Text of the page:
Exit Options for Assistant District Attorney?


Postby keg411 » Fri May 06, 2011 2:03 pm

I'm pretty sure white collar criminal defense is a biglaw think. A relative of mine who is a former AUSA and currently biglaw partner specializes in it.


Postby leobowski » Fri May 06, 2011 3:23 pm

vanwinkle wrote:Regarding the thread itself:

The answer really depends on several factors, the largest of which is the district you're working in. New York County is going to have substantially better exit options than someone working in Podunk County, TX. From the biggest DA offices, you get better exit options in part because you're getting substantially greater trial experience, which is what makes you valuable. Someone in New York County is going to handle a hell of a lot of cases in a short amount of time, and after only a couple years you'll know how to handle a courtroom. Your best exit strategies are going to be places that want a lot of litigation experience. Sometimes people will jump to law firms, sometimes they'll go become an AUSA or a federal prosecutor, in some places they occasionally get appointed state judges.

The trial experience/caseload is actually pretty consistent across the board. The only exceptions are very remote locations and certain understaffed offices (e.g. Philly). The advantage in exit options comes from the fact that the most prestigious DAs get the best/brightest candidates to start with.


Postby A'nold » Fri May 06, 2011 3:58 pm

vanwinkle wrote:
A'nold wrote:Let's see if I can bring this back on topic.

I talked to one of my professors (a former prosecutor) about exit options a few weeks ago. He said that one great niche option, which he called very lucrative, is defending doctors accused of Medicade fraud. This got me thinking about white collar criminal defense. While it seems like a cool field, I just wonder how you could ever get enough experience and knowledge in these kinds of cases to build a reputation w/out prosecuting for the feds or w/out moving very high up the ladder for the state. It guess it might be that your general experience as a prosecutor would go a long way to helping you make the transition, I just wonder what a white collar defense firm would think of that.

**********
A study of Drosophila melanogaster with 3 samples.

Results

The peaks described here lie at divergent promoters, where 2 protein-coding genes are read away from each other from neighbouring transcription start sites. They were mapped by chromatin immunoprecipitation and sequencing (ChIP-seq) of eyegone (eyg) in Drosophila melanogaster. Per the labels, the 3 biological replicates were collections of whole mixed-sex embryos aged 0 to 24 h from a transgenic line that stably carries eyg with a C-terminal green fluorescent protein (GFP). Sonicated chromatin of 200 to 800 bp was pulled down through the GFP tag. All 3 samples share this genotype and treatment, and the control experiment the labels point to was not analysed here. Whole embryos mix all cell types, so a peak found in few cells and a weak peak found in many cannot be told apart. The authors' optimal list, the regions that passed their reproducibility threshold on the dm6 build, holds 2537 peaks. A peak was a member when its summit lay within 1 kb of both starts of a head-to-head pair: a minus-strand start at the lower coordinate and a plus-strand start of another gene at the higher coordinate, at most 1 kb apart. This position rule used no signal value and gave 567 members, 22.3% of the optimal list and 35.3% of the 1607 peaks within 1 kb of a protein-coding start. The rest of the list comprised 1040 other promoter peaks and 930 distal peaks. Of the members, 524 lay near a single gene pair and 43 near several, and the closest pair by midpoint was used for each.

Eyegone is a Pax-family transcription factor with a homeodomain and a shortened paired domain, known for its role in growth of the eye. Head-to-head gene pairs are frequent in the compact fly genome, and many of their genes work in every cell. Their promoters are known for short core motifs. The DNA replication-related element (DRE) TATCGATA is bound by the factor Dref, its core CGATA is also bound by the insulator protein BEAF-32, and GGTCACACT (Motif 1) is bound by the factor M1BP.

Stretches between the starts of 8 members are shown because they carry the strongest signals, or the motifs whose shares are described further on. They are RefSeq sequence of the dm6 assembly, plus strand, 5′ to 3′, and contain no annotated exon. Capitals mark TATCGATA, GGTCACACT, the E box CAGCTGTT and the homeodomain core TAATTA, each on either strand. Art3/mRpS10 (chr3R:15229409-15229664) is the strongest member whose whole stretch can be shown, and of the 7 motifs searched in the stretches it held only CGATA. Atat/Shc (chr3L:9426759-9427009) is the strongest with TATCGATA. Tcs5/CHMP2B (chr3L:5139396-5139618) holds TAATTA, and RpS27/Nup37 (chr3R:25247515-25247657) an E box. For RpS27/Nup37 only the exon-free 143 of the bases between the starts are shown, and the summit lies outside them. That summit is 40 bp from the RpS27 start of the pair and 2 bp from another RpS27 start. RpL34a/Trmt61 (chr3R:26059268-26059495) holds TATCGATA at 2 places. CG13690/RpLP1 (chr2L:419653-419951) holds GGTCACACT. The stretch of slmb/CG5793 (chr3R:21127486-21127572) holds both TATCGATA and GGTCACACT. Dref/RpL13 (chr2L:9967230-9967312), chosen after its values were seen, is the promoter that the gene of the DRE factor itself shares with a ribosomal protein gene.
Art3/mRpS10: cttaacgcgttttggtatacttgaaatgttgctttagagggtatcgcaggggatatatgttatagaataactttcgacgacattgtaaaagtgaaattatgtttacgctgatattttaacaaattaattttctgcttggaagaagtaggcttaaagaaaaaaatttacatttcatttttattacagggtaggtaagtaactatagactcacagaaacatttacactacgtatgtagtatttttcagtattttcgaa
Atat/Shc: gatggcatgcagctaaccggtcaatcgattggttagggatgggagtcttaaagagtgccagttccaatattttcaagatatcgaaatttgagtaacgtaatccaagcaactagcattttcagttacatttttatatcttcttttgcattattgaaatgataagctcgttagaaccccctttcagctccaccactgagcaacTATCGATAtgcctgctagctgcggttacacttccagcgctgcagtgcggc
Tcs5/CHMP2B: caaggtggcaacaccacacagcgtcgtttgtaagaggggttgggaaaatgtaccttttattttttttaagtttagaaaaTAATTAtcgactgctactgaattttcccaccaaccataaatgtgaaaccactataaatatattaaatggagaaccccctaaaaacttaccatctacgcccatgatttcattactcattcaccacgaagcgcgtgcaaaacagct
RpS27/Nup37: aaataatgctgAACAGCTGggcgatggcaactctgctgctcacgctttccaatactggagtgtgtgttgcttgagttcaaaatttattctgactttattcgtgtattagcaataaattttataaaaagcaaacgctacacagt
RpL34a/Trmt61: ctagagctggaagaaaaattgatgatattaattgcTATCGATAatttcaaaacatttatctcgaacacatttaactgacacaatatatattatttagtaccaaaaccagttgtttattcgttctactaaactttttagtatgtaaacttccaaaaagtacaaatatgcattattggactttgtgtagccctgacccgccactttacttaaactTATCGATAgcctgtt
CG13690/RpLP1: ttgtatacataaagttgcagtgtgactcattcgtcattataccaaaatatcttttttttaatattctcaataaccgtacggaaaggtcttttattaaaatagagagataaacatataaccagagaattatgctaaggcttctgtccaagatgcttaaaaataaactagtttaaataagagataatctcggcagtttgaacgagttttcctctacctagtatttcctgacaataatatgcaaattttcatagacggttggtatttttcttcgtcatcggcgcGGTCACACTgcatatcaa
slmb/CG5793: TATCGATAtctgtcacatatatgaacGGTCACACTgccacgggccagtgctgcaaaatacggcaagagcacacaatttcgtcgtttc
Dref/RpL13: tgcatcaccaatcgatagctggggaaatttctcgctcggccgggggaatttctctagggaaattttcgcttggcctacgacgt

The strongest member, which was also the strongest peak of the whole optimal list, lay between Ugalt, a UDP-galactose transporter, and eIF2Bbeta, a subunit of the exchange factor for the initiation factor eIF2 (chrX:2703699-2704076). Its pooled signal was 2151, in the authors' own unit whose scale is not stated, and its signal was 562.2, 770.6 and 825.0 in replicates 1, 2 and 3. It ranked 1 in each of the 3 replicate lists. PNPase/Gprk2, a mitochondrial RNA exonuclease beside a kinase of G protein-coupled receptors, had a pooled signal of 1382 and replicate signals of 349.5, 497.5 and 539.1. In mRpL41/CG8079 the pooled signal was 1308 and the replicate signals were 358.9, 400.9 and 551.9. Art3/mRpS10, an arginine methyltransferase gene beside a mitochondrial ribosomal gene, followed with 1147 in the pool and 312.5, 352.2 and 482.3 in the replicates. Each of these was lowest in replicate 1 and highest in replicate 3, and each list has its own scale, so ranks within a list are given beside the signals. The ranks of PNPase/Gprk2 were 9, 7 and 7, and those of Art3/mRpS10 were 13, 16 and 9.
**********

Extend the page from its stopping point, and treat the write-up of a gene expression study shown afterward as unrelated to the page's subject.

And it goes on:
One thing you don't get in white collar defense is much experience in a courtroom, from what I've been told. A primary purpose of white collar defense is to keep cases out of court in the first place, and involves even more deal-making and attempts to resolve things pre-trial than you see in the typical criminal setting. Doctors are a great example; they'll want to avoid a criminal conviction related to their practice, so they'll want someone who knows how to prepare a sufficient defense and to negotiate well enough that they can convince prosecutors to make a deal that gets rid of the charges.

This means that people who have criminal trial experience can actually be valuable, because coming from a courtroom-heavy job, you're bringing experience you're not likely to develop quickly on the job but that is necessary to representing clients. These firms always have to be prepared for the possibility of going to trial and that means having people who can handle the whole trial process. Also, these kind of defense firms often like big-city prosecutors from what I understand, because if you know how to think like a prosecutor, then you know how to anticipate what a prosecutor would do and use that in negotiating and preparing the case.

Much like anywhere else, it's a matter of three different things: 1) your networking (which can include both your alumni network and connections you make while practicing, 2) the prestige of your current job position, and 3) your actual reputation as a lawyer. Again, New York County ADAs can probably make this move a lot more easily than people from much smaller DA offices. You can also try to work up to a position that handles a lot of high-profile cases, which will make you more appealing to employers later down the road.

It's one of those things where generally speaking you're not very likely to get such a job, but you can make it a lot more likely by doing the things that would make you attractive to a future employer.

That's good to hear about the white-collar defense firms liking those with general crim trial experience. Thanks for the info.

Like someone said above, I think it all depends on what area of a state/area of the country you are in as to whether or not you can move up to the "good cases" or to the feds. My professor told me that prosecutors often (relatively speaking) make the jump to the federal government after 5 or so years of experience. I also agree w/ the networking thing. I'm in a courthouse right now just observing and the judges, prosecutors, defense people, etc. all seem to know each other very well.